From the Editor: Now we can say exactly how much the country needs us

As the exhibition industry gathered in Birmingham for its annual conference last month, London declared it was open for business by staging 100 free events aimed at boosting a visitor economy that was flagging under the threat of terrorism.

The capital had been enjoying an exceptional first six months of the year. In the first quarter of 2005, overseas visitors rose by 13.8% compared with the same period in 2004 and spending was up 14.3%. International visitor arrivals to the rest of the UK for the first six months of 2005 showed a 12.4% increase on last year, while spending was up 12.1%.

This strong start led to an initial confidence that the UK's £74bn tourism industry could withstand the aftermath of the July terrorist atrocities in London. By adopting a proactive event strategy, Visit London and the Mayor's office have replaced this 'hope' with the realities of 60,000 visitors to the Brick Lane Festival, 300,000 people shopping during the Regent Street Festival and tourists embracing a wealth of other activity promoted by the Everyone's London campaign.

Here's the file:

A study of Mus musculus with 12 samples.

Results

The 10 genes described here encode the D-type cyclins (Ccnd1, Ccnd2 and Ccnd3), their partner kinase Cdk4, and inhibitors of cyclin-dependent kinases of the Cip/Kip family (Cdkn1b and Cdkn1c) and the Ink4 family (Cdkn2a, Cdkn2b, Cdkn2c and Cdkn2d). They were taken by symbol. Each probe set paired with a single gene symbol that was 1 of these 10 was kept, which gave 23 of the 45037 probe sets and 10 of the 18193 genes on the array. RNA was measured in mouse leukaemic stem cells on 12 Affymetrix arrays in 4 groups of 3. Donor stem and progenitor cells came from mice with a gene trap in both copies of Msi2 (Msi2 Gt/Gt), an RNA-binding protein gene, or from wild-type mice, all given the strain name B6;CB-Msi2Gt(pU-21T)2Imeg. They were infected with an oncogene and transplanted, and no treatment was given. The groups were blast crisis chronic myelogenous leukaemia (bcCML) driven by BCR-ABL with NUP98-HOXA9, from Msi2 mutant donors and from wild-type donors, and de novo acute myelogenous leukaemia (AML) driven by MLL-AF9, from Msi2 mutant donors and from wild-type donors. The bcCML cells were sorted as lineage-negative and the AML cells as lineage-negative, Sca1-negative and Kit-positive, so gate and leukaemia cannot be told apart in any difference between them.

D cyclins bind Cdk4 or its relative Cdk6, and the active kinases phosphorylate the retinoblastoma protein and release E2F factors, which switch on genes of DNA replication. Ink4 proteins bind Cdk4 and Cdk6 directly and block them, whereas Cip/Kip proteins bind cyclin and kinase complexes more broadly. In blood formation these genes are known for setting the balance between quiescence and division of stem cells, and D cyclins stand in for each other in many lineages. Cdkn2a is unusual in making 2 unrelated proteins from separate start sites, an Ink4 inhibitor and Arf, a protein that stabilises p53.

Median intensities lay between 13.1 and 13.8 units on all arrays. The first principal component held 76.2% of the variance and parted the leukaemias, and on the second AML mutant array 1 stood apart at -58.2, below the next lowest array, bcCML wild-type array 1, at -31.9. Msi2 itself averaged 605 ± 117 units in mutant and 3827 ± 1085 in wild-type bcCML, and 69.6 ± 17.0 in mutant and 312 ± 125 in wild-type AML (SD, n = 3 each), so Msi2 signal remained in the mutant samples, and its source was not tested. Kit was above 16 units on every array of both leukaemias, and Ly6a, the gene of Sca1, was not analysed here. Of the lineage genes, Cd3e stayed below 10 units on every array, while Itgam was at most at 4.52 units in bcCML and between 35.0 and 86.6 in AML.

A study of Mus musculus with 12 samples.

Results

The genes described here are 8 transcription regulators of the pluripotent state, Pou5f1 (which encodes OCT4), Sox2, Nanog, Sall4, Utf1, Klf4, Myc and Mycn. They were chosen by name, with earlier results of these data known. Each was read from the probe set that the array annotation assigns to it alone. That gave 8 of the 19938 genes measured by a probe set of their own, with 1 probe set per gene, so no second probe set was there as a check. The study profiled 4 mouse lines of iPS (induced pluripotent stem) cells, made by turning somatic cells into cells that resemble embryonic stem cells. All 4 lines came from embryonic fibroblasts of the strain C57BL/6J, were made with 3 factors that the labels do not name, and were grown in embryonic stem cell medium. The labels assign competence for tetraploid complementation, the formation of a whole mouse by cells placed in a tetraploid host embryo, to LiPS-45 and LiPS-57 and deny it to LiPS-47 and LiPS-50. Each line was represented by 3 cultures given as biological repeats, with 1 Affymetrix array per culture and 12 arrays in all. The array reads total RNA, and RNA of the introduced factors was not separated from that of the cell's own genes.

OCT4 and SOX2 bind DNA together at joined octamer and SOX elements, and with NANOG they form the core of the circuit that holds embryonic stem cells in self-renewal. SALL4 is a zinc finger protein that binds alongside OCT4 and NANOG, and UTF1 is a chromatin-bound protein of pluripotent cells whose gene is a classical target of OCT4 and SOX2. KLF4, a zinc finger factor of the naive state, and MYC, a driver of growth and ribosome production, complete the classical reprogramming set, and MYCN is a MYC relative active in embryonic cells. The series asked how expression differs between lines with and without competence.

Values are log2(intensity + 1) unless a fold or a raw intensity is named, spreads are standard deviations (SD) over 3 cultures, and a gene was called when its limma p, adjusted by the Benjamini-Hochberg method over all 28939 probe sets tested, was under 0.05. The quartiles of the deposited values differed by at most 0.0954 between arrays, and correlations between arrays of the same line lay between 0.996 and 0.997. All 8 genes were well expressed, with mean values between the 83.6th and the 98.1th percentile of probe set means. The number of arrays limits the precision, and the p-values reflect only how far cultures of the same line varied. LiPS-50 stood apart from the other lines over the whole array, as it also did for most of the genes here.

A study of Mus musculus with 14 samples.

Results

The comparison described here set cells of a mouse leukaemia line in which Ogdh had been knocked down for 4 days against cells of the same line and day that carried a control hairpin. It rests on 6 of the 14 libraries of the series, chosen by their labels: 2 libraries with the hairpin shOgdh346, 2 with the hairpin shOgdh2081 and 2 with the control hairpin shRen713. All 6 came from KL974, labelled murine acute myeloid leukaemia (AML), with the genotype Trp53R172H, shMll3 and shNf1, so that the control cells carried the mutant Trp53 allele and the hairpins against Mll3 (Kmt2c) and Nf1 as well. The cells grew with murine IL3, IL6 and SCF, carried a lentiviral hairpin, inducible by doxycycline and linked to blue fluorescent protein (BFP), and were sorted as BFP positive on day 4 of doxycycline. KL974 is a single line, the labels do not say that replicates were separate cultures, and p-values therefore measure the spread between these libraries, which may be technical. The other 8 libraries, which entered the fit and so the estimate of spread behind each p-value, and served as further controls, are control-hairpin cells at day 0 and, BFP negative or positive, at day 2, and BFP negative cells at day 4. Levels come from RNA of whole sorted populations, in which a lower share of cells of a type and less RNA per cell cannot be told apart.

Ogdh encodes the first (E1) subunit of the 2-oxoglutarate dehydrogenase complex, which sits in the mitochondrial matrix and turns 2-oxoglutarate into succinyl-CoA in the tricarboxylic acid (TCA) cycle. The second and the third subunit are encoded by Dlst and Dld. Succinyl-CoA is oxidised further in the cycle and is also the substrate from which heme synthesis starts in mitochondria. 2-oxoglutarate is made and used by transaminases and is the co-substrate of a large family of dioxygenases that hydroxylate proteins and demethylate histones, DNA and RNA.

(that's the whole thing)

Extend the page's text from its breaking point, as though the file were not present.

In Birmingham, exhibition organisers found out precisely how much impact their business has on the UK economy (page 13). An economic impact study carried out by KPMG and funded by the Association of Exhibition Organisers (AEO) has, for the first time, revealed the true value of a medium that supports more than 136,000 jobs and attracts 17m visitors annually. The AEO is working hard to highlight the importance of exhibitions and the Exhibition Venues Association has little choice but to join the ranks of a trade body group that is beginning to show just what can be achieved with one united voice.

Finally, thanks go to the Cabinet War Rooms for hosting the judging of this year's Corporate Event Association (CEA) awards. The 2005 Event Awards is a complete sell-out so don't delay in booking tables for the CEA ceremony in November as it's sure to prove similarly popular.